Reality of the Swachh Bharat Abhiyan

As India is going to the Lok Sabha polls next year, it is time to evaluate the strengths and flaws of the ruling party. Opposition will be focusing more on the fatal flaws of the BJP-led government. For the common people, a look back is necessary.In the last four years, Indians became the onlookers for many programmes and many changes from demonetisation to GST and faced many issues from the Rohingya crisis to the Doklam stand-off. One of the strongest programmes undertaken by Modi, led by the BJP government was Swachh Bharat.

Swachh Bharat (SBA), Swachh Bharat Mission (SBM) or Clean India Mission is a cleaning campaign that was launched on 2nd October 2014 at Rajghat, New Delhi by Prime Minister Narendra Modi. It aims to achieve an open-defecation free India by 2nd October 2019, the 150th anniversary of the birth of Mahatma Gandhi, by constructing 90 million toilets in rural India at a protected cost of Rs. 1.96 crore. “Satyagrah se Swachhagrah” was the statement used by Modi when the programme was launched in reference to Gandhi’s Champaran Satyagraha on 10 April 1917. Does the credit of this mission solely go to the BJP government? The answer is no because the fact is that, on 1st April 2000, a Comprehensive Rural Sanitation Programme was resurrected, renamed and launched as Total Sanitation Programme (TSP) which was later renamed “Nirmal Bharat Abhiyan” by the erstwhile Prime Minister, Dr. Manmohan Singh. These programmes played very minor roles in reducing open defecation. Finally when NDA rose into power, “Nirmal Swachh Abhiyan” was restructured by the cabinet approval on 24th September 2014 as Swachh Bharat Abhiyan.

However, unlike the previous programmes, this one is more successful in spreading awareness among the general populace. Soon it was realised that while being compared to other missions, this one was a high profile programme that enjoyed extra-ordinary political and budgetary support. The percentage of latrines extended to rural areas has increased from 39% in 2014 to 62% in 2018. The most important advantage has been attained by women who suffer silently in the absence of latrines.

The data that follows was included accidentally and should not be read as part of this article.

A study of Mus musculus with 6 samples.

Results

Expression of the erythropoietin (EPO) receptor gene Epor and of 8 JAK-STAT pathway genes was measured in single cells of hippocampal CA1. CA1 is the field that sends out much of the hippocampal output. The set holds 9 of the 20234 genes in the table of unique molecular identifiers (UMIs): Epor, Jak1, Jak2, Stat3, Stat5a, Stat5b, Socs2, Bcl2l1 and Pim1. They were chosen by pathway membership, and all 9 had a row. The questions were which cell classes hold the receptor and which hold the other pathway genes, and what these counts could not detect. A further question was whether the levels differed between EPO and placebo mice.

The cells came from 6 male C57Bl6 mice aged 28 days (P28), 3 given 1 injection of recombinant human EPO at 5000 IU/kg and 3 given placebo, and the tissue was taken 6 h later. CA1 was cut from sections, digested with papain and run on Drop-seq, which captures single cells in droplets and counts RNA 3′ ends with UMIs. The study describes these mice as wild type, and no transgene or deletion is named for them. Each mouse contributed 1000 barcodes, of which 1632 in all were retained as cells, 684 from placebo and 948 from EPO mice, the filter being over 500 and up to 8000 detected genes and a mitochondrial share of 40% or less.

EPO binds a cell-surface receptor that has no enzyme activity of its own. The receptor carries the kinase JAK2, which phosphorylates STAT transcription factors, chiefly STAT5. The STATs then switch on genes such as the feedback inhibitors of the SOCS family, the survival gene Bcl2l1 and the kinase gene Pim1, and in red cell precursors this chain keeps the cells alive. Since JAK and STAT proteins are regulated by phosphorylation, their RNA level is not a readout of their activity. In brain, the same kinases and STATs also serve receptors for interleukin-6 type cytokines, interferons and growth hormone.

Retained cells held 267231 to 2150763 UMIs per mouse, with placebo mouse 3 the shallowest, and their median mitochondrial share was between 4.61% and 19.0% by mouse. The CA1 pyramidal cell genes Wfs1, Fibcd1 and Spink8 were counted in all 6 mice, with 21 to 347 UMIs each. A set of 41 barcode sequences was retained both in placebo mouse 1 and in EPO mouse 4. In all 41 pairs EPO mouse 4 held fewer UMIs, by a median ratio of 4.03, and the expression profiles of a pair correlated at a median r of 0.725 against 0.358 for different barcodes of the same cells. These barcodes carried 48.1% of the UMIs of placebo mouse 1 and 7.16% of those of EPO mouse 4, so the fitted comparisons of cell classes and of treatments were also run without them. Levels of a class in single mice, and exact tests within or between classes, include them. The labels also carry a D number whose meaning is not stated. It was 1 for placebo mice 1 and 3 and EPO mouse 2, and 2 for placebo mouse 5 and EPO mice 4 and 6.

Cleaning India is not just about keeping the surroundings clean and staying healthy, it is also about eradicating one of the biggest and deep rooted evils in Indian society : manual scavenging. Many will be surprised to know that there are people who still earn their daily bread through scavenging. Last year in Tamil Nadu, around 30 people died in the month of July and all of them were engaged in this activity. Manual scavenging still exists in India because of the lack of toilets and due to the existence of unsanitary latrines. Out of these unsanitary latrines, about 2.6 million require cleaning by hand, according to the activist organisation Safai Karmachari Andolan. This is what the Swachh Bharat Abhiyan should really start working on. The central government which directly runs the self employment scheme for the rehabilitation of these workers, has reduced from Rs. 448 crore in 2014-15 budget to Rs. 5 crore this year.

In spite of naming this scheme as one of the Prime minister’s favourite programmes, such a negligence in the budget is incongruous. If manual scavenging should be stopped then the mindset of people should be changed. Many communities still consider the inclusion of sanitary toilet as ritual and physical pollution of the house, while some others want toilets bigger than the ones recommended by WHO. Moreover, people still believe in the caste system so deeply that they think that Dalits will be ready to do the cleaning job instantly. For these people, Dalits are supposed to clean latrines. But the most disappointing fact is that laws on punishment or laws in general exist only on paper. Prohibition of Employment as Manual Scavengers and their Rehabilitation Act 2013 was strictly enforced in Tamil Nadu in the wake of the death of 30 manual scavengers last year. But still there is no change in the situation. This is not just the case of a single state but this is the deplorable condition of manual scavengers in the entire nation.

Empowerment is the only solution to curb this evil. People engaged in manual scavenging should be introduced to different means of earning a livelihood. Self-employment should be encouraged to further raise their confidence. Bharat would really become swachh if these caste barriers are shattered. The novel “Untouchable” by Mulk Raj Anand centers around a manual scavenger and it ends on the note of the protagonist dreaming of the day when flushing toilets would be introduced and he would be free from his filthy task. Flushing toilets or at least proper latrines are much needed. Therefore, let us hope that Swachh Bharat Abhiyan would really make Bharat swachh.